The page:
On Sat, Jan 30, 2010 at 3:12 AM, Waldek Hebisch <firstname.lastname@example.org>
Yes, typically copy is cheap enough. But in this case main operations
are adding 1 and multiplication by fixnum. Adding 1 costs basically
the same as copy. Multiplication by fixnum is slightly more expensive,
but should be no more expensive than two copies.
Waldek, sorry if I sound rude, but really, you are talking out of conjectures without paying attention to my previous emails. I told you the results from profiling when using registers: 80% time on my Mac is spent in the garbage collection routine (most of it in the conservative mark phase), 10% in allocation, 10% in the bignum library or less. Now without registers those numbers only changed by 5% or so. I also offered you the numbers from a 64-bits platform where the garbage collector is much better because pointers are very much more spread and only a tiny fraction of the address space is filled. There ECL can beat SBCL without problems, and I bet the profiling numbers regarding garbage collection are still large.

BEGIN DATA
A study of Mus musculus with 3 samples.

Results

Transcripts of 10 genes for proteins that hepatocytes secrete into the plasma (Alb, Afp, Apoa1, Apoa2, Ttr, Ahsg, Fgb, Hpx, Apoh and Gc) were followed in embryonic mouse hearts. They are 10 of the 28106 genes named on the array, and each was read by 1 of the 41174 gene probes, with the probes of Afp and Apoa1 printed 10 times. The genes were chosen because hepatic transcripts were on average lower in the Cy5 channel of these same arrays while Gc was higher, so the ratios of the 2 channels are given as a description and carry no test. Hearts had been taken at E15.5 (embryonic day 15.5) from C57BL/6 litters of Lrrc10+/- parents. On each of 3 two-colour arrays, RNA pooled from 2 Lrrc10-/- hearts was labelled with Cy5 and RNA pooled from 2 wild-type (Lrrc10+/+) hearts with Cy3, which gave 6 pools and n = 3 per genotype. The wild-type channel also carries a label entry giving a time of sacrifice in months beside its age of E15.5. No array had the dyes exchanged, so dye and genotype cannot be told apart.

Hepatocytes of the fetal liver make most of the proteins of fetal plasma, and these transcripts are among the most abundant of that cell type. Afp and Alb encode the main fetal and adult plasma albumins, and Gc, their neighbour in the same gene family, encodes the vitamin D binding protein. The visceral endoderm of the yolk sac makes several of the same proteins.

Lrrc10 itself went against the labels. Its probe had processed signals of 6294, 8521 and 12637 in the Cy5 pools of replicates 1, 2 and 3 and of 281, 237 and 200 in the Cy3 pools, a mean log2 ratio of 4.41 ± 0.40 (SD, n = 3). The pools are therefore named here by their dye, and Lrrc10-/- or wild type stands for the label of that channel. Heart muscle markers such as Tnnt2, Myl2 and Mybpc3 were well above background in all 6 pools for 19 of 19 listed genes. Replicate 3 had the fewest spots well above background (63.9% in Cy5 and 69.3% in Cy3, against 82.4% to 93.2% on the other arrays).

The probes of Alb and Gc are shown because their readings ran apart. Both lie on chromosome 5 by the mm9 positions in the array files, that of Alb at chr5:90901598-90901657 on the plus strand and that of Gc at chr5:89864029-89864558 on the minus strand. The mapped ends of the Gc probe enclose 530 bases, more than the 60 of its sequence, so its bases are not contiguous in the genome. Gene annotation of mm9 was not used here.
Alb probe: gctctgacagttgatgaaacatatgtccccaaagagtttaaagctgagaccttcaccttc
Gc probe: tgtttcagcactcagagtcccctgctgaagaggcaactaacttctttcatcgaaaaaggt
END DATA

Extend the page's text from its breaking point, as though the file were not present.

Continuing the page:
You mean that ECL _always_ shrinks register if it gets large? That
looks like huge waste. It looks like nice opportunity to use
weak references: keep weak reference to register and let garbage
collector to recycle it. But before garbage collection register
would still be available for reuse.
The Boehm-Weiser garbage collector can be triggered at any time. We do not have control on that, specially on multithreaded systems. Thus to decide whether we kill or not a bignum register is used is something out of our control. But most important, if the garbage collector decides a register is not reachable and garbage collects it, then we will have to allocate it again, which is a cost one avoids by having the register in the first place.
In any case, I repeat that this is all talk of the past. Bignum registers are now only restricted to FLOOR & co, bignum reading, and a few other routines. And times have not changed that much due to this.